TUCKED AWAY in the small print of last Sunday's papers was news of a major speech pledging the Tories to the complete dismantling of the Welfare State if they win the next election. There is no impassioned editorials, no screaming headlines. The last remaining achievements of the 1945 Labour landslide's wide sweep of popularly beneficial reforms, like free education and free health, were to be guillotined, and no one in the papers reckoned it much worth worrying about.
If ever there was a time for the massive musical opposition movement blue-printed by the first Clash album, it's now. But most self-styled socialist bands, are conspicuous by their abject inability to communicate with the kids, popular reaction to impenetrable Gang Of Four style dirges being if this is what left-wing means then I'm a Fulham supporter.
While on the street punks seem content to lose themselves in spiky ghettos or are too negative or ambiguous in their opposition.
Thankfully, there's light in the darkness. The mass movement of Rock For Fun And Against Privilege the Oi! should have become is at last promised by a new breed of bands like the Newtown Neurotics, a solidly street-socialist Harlow-based trio whose impressive credentials range from passion and protest to pure punk power and providing a bloody good night out.
No doubt in my mind, the Neurotics are massively important. Musically they specialise in hard, fast and catchy singalong songs, concrete hard Sixties pop in DM boots most reminiscent of early Jam, but with a real Eighties relevance.
Cropped and shade-handed Steve Drewett sings and provides slugging chugging aggressive guitar, backed up hard by the driving drums of Simon Lomond and the forceful bass of Colin Dredd.
But if Steve's haircut is a guaranteed gutter press 100 carat shock horror headline, his lyrics are sussed enough to make John Pilger smile.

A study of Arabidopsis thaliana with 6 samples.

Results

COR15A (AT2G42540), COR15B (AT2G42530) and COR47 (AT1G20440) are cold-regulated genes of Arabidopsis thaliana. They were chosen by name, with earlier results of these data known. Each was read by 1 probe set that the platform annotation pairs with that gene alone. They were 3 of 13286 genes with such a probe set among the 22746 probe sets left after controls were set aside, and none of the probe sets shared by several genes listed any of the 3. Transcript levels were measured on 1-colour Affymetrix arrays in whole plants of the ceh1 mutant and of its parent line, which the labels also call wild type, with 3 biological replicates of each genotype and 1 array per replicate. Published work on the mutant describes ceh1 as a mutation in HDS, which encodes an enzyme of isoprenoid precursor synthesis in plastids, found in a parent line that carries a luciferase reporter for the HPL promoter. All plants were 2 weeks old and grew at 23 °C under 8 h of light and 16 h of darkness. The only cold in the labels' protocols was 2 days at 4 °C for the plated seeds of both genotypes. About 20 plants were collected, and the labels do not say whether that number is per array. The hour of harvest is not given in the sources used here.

The obvious terrace-style sloganeering of the single 'Kick Out The Tories', slaughtered tonight by the so-called singing of alcoholic fan Attila, is augmented by the more considered likes of 'Mindless Violence', a passionate condemnation of one-against many gang attacks, and the best of it's kind since the late Seventies classic 'Down In The Tube Station At Midnight'.
Then there's the savage and righteous 'Get Up And Fight' offset by the cautionary constabulary tale of 'Bored Policemen', a harsh uptempo reggae outing that sadly lost half the lyrics tonight thanks to a dodgy mike, with lighter moments coming from the fast and furious 'Does Anyone Know Where The March Is?' and a rip-roaring raucous rendition of the Ramones' own 'Blitzkrieg Bop'.
The Neurotics hammered home twelve numbers to a small but appreciative No Nukes audience, encoring with a relevant re-write of the old Members classic 'Solitary Confinement', now rendered 'Living With Unemployment'.
But it's obvious a band like this should be blaring out of the box or playing to thousands supporting the Jam (howsabout it Paul?), because when it comes to protest punk you can forget Discharge and Crass, pal. The real fightback starts here!